Coming Attractions

Festival brings film lovers together for 10 days.

Janice Kleinschmidt. Arts & Entertainment 0 Comments

Say what you will about Michael Moore’s politics, the controversial filmmaker of Bowling for Columbine and Fahrenheit 9/11 deserves credit for opening the lid on documentaries.

“He was at the forefront of the democratization of getting films such as his recognized,” says Carl Spence, programming director for the Palm Springs International Film Festival. “It was a wake-up call of sorts; it showed distributors and theaters that there can be a market for these types of films.” Now, Spence adds, there are many more documentaries garnering attention. “It’s not just one breakaway film and that’s it. … The documentary is coming into its own within the consciousness of America.”

It is, therefore, no surprise that the festival will give nonfiction cinema its due by screening 30 such films, including 12 to 15 documentaries competing for Oscar nominations. Spence synopsizes a few noteworthy titles:

• The Pursuit of Equality, which focuses on last year’s rush of gay marriages in San Francisco (At press time, Mayor Gavin Newsom was expected to attend.);

Black Bull, a Mexican film about the lives of bullfighters;

Five Days in September, a Canadian film revolving around the Toronto Symphony Orchestra’s struggle to survive (“It has amazing music,” Spence notes.); and

Sisters-in-Law, a British film that deals with women and justice in the male-dominated society of Cameroon, Africa.

Another trend the festival is following is what Spence refers to as a “hotbed of filmmaking activity” in Chile. Although Argentina and Brazil output more movies, the number coming from the smaller South American country has increased significantly. “The quality, as well as the diversity of the kinds of films emerging from Chile, is quite staggering,” Spence says. He considers one of the highlights a film set in 1914 titled The Last Moon by Miguel Littin, a descendant of Palestinian immigrants in Chile.

Four late-night screenings lean toward the edgy side. They include Germany’s box office smash Dreamship Surprise, which Spence describes as a Star Trek/Star Wars spoof with a gay twist, and French filmmaker Luc Bresson’s Banlieue 13, which he likens to “a high-octane Grand Theft Auto” video game.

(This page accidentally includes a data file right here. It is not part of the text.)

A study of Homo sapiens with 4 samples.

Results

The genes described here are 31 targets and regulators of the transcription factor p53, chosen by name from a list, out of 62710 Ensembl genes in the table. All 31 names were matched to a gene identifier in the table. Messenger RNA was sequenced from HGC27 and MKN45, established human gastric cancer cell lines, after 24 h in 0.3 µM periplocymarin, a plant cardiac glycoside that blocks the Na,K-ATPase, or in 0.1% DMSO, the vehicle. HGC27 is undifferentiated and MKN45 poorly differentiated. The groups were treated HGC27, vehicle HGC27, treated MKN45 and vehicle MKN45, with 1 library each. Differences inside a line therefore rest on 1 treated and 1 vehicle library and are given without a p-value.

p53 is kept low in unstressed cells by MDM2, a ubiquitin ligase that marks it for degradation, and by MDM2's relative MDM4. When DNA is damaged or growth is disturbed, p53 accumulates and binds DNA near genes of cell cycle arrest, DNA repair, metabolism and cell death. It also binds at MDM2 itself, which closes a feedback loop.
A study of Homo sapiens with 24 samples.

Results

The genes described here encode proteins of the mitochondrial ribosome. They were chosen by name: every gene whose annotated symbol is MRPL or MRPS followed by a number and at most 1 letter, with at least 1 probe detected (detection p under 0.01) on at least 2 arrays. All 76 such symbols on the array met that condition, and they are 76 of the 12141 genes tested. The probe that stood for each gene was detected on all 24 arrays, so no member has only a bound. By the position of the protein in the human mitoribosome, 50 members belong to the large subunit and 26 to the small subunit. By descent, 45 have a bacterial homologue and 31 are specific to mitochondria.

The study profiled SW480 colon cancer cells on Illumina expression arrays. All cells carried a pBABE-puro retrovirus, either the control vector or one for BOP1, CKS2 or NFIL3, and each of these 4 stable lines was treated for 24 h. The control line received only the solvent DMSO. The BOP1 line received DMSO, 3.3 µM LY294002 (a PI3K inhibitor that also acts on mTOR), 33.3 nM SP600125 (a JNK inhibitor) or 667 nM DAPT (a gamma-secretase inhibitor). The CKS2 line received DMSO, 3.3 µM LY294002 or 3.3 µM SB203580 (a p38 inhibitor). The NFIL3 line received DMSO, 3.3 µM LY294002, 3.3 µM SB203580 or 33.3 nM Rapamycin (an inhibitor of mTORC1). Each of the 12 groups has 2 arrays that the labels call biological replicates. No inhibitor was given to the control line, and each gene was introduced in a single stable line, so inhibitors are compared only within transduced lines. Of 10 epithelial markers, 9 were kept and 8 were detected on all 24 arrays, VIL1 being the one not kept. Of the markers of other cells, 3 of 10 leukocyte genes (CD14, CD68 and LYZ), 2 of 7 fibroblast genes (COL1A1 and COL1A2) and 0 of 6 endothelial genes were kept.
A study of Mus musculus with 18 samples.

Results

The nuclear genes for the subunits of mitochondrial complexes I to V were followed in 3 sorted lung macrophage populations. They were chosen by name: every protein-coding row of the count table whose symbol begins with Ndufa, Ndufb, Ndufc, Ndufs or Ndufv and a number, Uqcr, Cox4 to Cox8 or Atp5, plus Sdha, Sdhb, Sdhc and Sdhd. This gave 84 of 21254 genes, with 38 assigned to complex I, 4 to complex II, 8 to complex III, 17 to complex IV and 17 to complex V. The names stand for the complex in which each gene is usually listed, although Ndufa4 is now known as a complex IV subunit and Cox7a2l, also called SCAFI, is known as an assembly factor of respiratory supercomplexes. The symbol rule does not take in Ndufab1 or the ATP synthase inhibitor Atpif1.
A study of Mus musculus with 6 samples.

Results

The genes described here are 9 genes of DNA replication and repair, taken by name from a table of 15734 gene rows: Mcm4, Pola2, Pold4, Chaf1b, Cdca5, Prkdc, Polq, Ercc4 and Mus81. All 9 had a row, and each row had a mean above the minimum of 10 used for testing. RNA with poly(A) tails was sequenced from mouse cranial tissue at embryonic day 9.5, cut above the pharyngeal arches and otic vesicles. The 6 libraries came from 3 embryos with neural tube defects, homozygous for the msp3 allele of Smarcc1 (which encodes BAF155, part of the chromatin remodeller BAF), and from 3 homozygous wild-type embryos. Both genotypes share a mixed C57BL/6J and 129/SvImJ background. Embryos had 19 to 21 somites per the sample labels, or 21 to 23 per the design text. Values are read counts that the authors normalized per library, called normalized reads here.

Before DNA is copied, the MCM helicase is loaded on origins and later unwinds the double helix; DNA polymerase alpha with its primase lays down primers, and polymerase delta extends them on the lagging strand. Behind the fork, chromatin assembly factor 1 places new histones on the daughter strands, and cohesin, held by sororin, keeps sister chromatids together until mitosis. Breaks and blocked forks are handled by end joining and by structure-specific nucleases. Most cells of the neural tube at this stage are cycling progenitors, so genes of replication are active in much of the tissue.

While many of his films have been shown in past iterations of the Palm Springs International Film Festival, Italian filmmaker Pupi Avati receives the royal treatment this year with the screening of six of his works. Spence says new prints have just been cut of the Avati library (he has been making movies since 1970). “He has a way of making films that really resonate with people,” Spence says. “The style and technique and the stories he chooses to tell always stand out.” Avati will attend the festival and the U.S. premiere of his latest work, Second Wedding Night.

Festival organizers balance the opportunity to see premieres with the opportunity to see four or five archival films. Alfred Radok’s Distant Journey, which Spence labels a “rediscovered classic from the Czech Republic,” follows the marriage of two doctors and how their lives are disrupted during the Nazi occupation. Shot three years after World War II, it is one of the first movies to deal with the Holocaust,  Spence says.

On a light note, archival presentations include Charlie Chaplin’s 1928 The Circus. “It’s one [of Chaplin’s films] that wasn’t really in circulation for many years,” Spence notes, adding that the print is coming from Europe.

Chaplin not only produced, directed, and starred in the flick, but also composed the score (at the age of 79) and sang a song at the beginning of the film. “I think it has some of the most comedic scenes ever filmed,” Spence says. “It’s an overlooked masterpiece.”

Among the festival’s more than 200 films, the biggest standout for the programming director screens on opening Friday as part of the Awards Buzz series. The Two Sons of Francisco, from Brazil, is about a father determined that his offspring will become a successful singing duo. Spence considers the film, based on a true story, to be flawless. “I think the audience will embrace it. It will have many people in tears at the end. It’s warm, it’s funny, it’s moving.”